Morning Thanks

Garrison Keillor once said we'd all be better off if we all started the day by giving thanks for just one thing. I'll try.

Monday, July 16, 2018

Dreams and sweat


Must have been a long funeral. He didn't get back for a month--which meant I was stuck with his students--me, the student teacher. His leaving me alone like that would be unthinkable today.

I must have been cocky because I don't remember going pink or anything. He told me what needed to be done, and the task must not have seemed particularly daunting: teach high school juniors and seniors something or other or speech and theater--theater history. That was a half century ago.

I didn't need a supervisor to know I was doing okay as a teacher. I knew I was okay because students thought I was okay. Their attention, their caring, clearly registered. By the time the guy came back, I'd learned what student teaching should teach--that I could do it and like it.

Six months later, when I stood in front of my own classroom for the first time, I was more nervous than scared. I sort of knew that teaching was something I could do. 

It became something I did for the next 42 years. Only twice in that time did I consider leaving the classroom, and not once in all that time did I feel trapped; and, for 37 of those years I was in the same place. You'd have thought I'd rot. I don't think I did.

For some reason, it's not easy to type out this sentence, but I'm going to: I loved teaching.

Did I know that going in? No. I had to learn to teach and learn to love it.

Carol Dweck, a psych prof at Stanford, claims that one the phrase "find your passion" appears nine times more often in speech and writing these days than it did a quarter century ago. "Find your passion" has become, she explains, the clarion call of career councilors, who tell kids looking for a place in life that finding a profession is something you'll know when you see it, something, well, like falling in love.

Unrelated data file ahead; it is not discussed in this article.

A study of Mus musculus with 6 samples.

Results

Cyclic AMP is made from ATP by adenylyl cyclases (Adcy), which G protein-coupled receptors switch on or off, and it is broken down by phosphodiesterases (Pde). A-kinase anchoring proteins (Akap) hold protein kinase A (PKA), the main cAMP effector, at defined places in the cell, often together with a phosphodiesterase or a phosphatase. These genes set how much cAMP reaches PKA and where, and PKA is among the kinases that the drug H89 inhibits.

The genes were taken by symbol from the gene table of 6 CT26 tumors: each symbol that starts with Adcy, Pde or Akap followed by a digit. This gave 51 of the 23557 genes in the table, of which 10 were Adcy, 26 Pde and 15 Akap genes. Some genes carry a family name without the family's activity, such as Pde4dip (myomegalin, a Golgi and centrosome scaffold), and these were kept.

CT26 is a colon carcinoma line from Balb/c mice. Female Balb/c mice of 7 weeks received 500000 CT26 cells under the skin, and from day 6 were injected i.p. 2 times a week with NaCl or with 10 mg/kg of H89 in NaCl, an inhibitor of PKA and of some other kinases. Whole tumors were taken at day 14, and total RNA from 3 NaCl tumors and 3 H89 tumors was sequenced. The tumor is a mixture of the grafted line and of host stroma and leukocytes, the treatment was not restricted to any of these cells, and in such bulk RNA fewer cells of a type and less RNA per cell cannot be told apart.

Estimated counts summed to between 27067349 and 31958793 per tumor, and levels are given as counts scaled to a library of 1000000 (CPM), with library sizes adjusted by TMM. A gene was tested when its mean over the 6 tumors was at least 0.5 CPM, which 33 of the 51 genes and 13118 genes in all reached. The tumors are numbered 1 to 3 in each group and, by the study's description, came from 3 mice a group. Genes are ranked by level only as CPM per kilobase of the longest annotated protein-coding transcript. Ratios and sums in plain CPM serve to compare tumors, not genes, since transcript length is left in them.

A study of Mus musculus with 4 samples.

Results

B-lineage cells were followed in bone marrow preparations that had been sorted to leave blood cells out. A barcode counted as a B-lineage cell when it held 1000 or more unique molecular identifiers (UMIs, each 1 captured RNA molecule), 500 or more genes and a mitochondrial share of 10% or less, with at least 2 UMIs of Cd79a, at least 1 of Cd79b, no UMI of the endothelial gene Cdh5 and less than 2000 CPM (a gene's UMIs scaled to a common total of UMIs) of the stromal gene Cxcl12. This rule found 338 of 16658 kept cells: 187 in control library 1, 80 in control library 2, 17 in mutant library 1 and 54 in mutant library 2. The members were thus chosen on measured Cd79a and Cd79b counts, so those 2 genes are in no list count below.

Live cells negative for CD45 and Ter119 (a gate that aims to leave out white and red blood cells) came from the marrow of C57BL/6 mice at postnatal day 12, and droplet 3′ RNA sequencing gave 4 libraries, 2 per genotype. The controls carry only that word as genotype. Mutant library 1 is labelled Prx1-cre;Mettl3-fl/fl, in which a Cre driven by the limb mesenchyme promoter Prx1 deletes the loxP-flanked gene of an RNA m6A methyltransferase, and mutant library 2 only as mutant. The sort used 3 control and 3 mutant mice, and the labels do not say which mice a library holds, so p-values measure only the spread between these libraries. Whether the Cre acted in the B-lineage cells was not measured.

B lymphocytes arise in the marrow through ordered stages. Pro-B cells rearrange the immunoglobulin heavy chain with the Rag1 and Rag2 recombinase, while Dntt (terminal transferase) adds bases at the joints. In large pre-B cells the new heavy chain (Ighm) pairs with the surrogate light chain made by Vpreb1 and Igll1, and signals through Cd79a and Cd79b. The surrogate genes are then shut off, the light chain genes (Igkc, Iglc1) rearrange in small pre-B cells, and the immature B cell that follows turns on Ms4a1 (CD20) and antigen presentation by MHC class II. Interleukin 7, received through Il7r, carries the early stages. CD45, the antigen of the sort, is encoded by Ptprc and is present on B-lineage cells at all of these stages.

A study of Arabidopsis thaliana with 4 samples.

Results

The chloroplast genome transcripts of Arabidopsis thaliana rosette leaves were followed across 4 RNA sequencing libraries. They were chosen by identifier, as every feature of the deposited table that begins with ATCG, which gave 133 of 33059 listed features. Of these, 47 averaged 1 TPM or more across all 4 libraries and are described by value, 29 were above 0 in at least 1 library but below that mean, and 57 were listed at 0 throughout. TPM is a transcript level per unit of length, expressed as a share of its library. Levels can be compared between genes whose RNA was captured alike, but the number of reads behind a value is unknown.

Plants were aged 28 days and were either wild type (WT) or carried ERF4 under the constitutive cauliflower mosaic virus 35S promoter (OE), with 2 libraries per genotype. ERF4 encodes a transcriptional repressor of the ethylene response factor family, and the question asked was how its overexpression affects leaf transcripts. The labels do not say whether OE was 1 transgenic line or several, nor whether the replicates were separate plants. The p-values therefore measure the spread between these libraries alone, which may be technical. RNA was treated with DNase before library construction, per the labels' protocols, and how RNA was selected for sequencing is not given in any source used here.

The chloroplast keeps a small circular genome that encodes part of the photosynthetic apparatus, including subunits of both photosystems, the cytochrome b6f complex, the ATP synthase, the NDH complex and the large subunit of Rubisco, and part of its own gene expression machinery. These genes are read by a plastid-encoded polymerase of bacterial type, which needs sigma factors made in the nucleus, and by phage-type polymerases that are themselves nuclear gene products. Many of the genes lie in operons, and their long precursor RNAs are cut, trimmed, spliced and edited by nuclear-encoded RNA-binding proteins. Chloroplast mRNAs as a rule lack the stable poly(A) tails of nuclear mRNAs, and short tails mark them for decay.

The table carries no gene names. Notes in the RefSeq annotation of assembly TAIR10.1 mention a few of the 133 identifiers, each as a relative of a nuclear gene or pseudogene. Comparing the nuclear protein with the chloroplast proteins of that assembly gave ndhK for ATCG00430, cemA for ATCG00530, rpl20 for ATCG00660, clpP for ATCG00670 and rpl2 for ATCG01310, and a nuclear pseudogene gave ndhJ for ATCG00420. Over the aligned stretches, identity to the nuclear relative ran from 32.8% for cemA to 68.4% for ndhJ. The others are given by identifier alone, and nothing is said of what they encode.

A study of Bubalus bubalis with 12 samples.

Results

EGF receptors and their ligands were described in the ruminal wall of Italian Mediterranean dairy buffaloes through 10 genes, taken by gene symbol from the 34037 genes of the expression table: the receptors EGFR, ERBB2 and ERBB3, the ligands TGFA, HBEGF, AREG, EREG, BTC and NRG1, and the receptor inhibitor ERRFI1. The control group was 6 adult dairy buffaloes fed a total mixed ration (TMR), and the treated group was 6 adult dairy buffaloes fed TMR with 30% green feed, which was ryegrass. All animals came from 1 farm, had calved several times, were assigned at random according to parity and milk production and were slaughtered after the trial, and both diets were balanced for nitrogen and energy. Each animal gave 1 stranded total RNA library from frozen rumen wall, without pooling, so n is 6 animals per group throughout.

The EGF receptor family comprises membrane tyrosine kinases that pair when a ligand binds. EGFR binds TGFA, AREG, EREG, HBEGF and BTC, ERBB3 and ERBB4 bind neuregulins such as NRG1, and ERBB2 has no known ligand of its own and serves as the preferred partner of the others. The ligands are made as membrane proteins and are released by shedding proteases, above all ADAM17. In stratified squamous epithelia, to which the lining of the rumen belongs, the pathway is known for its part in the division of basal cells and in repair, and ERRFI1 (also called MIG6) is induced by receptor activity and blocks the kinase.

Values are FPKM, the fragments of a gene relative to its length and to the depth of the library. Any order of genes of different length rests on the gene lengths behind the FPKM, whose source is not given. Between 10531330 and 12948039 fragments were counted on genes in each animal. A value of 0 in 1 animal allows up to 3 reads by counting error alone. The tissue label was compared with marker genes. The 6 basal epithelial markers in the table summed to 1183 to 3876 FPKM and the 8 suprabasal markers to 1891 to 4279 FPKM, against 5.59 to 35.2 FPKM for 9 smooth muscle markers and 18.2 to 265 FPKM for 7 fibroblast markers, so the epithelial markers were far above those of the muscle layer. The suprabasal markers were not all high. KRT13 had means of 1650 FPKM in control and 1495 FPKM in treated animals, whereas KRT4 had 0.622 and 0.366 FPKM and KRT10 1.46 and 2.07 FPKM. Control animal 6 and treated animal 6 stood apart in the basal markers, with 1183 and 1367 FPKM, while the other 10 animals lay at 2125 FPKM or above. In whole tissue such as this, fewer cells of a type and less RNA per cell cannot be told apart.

Dweck and her research buddies claim that's hooey. People get good at something, become experts, not by some vision, some unsolicited epiphany. Interests develop by use and experience. Passions bud and flower from curiosity and plain old experience. I think I learned to love teaching by teaching. Whether or not teaching was "in me," was less determining than my standing up there, day after day, having to get the job done. 

In those early years, we lived just a few blocks from campus, close enough to walk, which I did, often with a colleague and friend. We were both young, both writers, both people who loved literature. More than once as we were telling each other stories about what had happened that day in the classroom, one of us would bring it up. "Just think," we'd say, snickering, "we get paid to do this."

Not much, but a salary was icing on the cake. 

I think Professor Dweck is right: Loving teaching, at least for me, was not an instinct. I learned to love it. I found my passion by going back, day after day, into the classroom.

Passions aren't discovered; they're developed.